Putting the system to the test

September 01, 2000

Putting the system to the test

Office: Maryland Department of Transportation, Motor Vehicle Administration, Hagerstown office

Record requested: Driving record of state Sen. Donald R. Munson, R-Washington County.

Synopsis: It took two visits totaling 20 minutes to get the record.

Before July 1, when the law changed, anyone could see the driving record of any licensed driver by going to their local MVA office and filling out a four-part "Request for Motor Vehicle Administration Records" form.

The form, in addition to asking name and address, also asked for a reason for the request.

In requesting the driving record for Munson, The Herald-Mail surveyor wrote "interested."

Two MVA workers said more information was needed - specifically, the date of birth of the person whose record was requested and a better reason. They said just "being interested'' was not good enough.

They asked the surveyor why he was interested in the record. After being told it was because he had been asked by a friend, they advised, in a friendly tone, that the surveyor might want to rethink the request because Munson would be notified and given the surveyor's name.


The surveyor returned after getting Munson's date of birth from the Maryland legislative Web site. The surveyor saw the same two clerks, and was told again they wanted a reason before releasing the record. This time the surveyor wrote "state senator, want to know more info on him."

Contacted later about the request for his record, Munson said, "My life is an open book as a public official."

The MVA search showed no entries on Munson's drivers license for the past 36 months.

New legislation that went into effect July 1, 2000, closes everyone's personal information except in cases where they indicate they want it open.

You can still get a person's driving record if you know his name and either the date of birth or his driver's license number.

Office: Washington County Board of Education

Record Requested: Schools Superintendent Herman G. Bartlett Jr.'s contract.

Synopsis: A formal FOIA request had to be filed to get the information. Contract received in 22 days from the office of the Human Resources director.

Workers at the Board of Education office initially did not know if the superintendent's contract was public, or who would have it. After some discussion, they directed the surveyor to Phillip Ray, director of human resources, who was unavailable.

After leaving several messages for Ray, the surveyor was told by Ray's assistant to make a request in writing.

Seven days after the initial visit, a handwritten request and an official typewritten request were filed.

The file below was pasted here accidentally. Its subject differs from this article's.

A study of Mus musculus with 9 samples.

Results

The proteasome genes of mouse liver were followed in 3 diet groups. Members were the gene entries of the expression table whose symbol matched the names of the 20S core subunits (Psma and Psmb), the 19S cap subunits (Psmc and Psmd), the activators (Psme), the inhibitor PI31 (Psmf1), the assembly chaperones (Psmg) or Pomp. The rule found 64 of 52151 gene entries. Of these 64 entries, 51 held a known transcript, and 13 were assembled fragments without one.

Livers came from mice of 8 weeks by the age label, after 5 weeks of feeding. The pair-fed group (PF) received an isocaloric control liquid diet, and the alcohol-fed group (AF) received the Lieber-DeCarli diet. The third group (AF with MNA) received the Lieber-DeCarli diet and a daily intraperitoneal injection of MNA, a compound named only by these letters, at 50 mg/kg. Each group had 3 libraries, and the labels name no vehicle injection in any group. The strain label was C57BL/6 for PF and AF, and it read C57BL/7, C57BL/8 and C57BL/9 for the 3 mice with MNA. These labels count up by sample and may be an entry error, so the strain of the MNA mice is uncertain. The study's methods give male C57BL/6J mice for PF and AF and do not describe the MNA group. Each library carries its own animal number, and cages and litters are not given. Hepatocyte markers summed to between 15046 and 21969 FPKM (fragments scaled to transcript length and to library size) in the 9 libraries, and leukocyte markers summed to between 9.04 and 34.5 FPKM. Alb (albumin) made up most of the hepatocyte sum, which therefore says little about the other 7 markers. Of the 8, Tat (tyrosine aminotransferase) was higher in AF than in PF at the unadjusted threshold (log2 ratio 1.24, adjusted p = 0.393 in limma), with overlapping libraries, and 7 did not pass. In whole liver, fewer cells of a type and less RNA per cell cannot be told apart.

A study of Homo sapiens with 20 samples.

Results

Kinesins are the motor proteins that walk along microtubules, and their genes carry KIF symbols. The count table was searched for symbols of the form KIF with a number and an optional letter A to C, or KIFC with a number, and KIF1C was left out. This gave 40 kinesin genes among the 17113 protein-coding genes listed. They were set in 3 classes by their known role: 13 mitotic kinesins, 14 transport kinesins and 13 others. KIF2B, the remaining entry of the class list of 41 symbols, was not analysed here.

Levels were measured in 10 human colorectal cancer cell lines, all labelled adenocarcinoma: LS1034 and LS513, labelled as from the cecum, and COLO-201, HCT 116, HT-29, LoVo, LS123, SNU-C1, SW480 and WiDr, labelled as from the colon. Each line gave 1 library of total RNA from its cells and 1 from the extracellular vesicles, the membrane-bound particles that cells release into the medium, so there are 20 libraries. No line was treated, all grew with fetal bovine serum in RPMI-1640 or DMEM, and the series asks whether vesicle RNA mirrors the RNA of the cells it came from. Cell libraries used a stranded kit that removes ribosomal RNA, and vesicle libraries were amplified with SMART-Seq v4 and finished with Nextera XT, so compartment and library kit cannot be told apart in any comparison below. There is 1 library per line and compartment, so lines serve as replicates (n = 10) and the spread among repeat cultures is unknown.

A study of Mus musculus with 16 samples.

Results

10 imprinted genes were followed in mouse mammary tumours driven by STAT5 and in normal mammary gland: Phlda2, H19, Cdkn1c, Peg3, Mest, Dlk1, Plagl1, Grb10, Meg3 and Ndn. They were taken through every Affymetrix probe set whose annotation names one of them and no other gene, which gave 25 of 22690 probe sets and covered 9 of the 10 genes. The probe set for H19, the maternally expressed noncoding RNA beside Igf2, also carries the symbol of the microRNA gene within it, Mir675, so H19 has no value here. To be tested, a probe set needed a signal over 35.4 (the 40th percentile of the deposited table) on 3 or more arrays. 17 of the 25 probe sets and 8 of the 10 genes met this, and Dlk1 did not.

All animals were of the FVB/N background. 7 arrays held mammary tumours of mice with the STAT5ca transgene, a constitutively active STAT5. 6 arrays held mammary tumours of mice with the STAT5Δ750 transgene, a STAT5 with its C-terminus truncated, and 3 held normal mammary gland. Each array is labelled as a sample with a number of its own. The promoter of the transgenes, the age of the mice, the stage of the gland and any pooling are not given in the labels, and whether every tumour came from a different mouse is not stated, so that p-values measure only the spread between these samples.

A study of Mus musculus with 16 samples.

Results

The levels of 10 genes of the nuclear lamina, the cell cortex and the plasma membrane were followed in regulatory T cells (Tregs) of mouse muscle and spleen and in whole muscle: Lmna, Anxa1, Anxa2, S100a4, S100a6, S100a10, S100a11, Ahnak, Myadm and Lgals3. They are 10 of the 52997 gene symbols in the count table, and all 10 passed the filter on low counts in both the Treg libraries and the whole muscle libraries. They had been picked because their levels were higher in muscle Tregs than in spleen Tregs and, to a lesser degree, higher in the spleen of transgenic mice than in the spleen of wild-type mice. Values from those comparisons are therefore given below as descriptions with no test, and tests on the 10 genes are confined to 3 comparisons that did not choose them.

On July 10, the surveyor received a copy of the superintendent's contract in the mail.

In the meantime, the superintendent himself had been informed of the request and called the surveyor at his home, the contact number he had left. The superintendent left a message for the surveyor to call him.

After several messages back and forth, the surveyor eventually was able to talk to the superintendent who said the school district "generally" did not respond to out-of-state FOIA requests. (The surveyor lives in Virginia).

"The code does not require it," he said.

The superintendent asked why the surveyor wanted the information and how his district was selected. He was told it was part of a public information project.

The superintendent promised to send the contract, but none was received.

In a follow-up interview, Bartlett said he decided not to send the contract because the surveyor "was the most evasive guy I've talked to."

Office: Hagerstown Police Department

Record Request: Arrest log.

Synopsis: Told such a record was not kept. Total time 3 minutes.

The surveyor asked a receptionist in the police station's lobby if there was an arrest log the public could see.

The receptionist said the department does not and has never kept an arrest log. The receptionist also advised that the police don't have to release arrest information "to anyone" and there was a privacy concern as well.

Office: Washington County Board of Education

Record Requested: School Violence Report

Synopsis: After much confusion over what the surveyor wanted, whether it was public, and who might have it, the record was released after five days. School district personnel were helpful, but it took two days to find out who could release the information and three more days before the record was released. (In fairness to school employees, the request was made at the time of high school graduations.)

Finding the right office to go to for a public record was trying. An arrow pointing to public information led the surveyor to the wrong place. The office had been moved, but the sign hadn't been changed.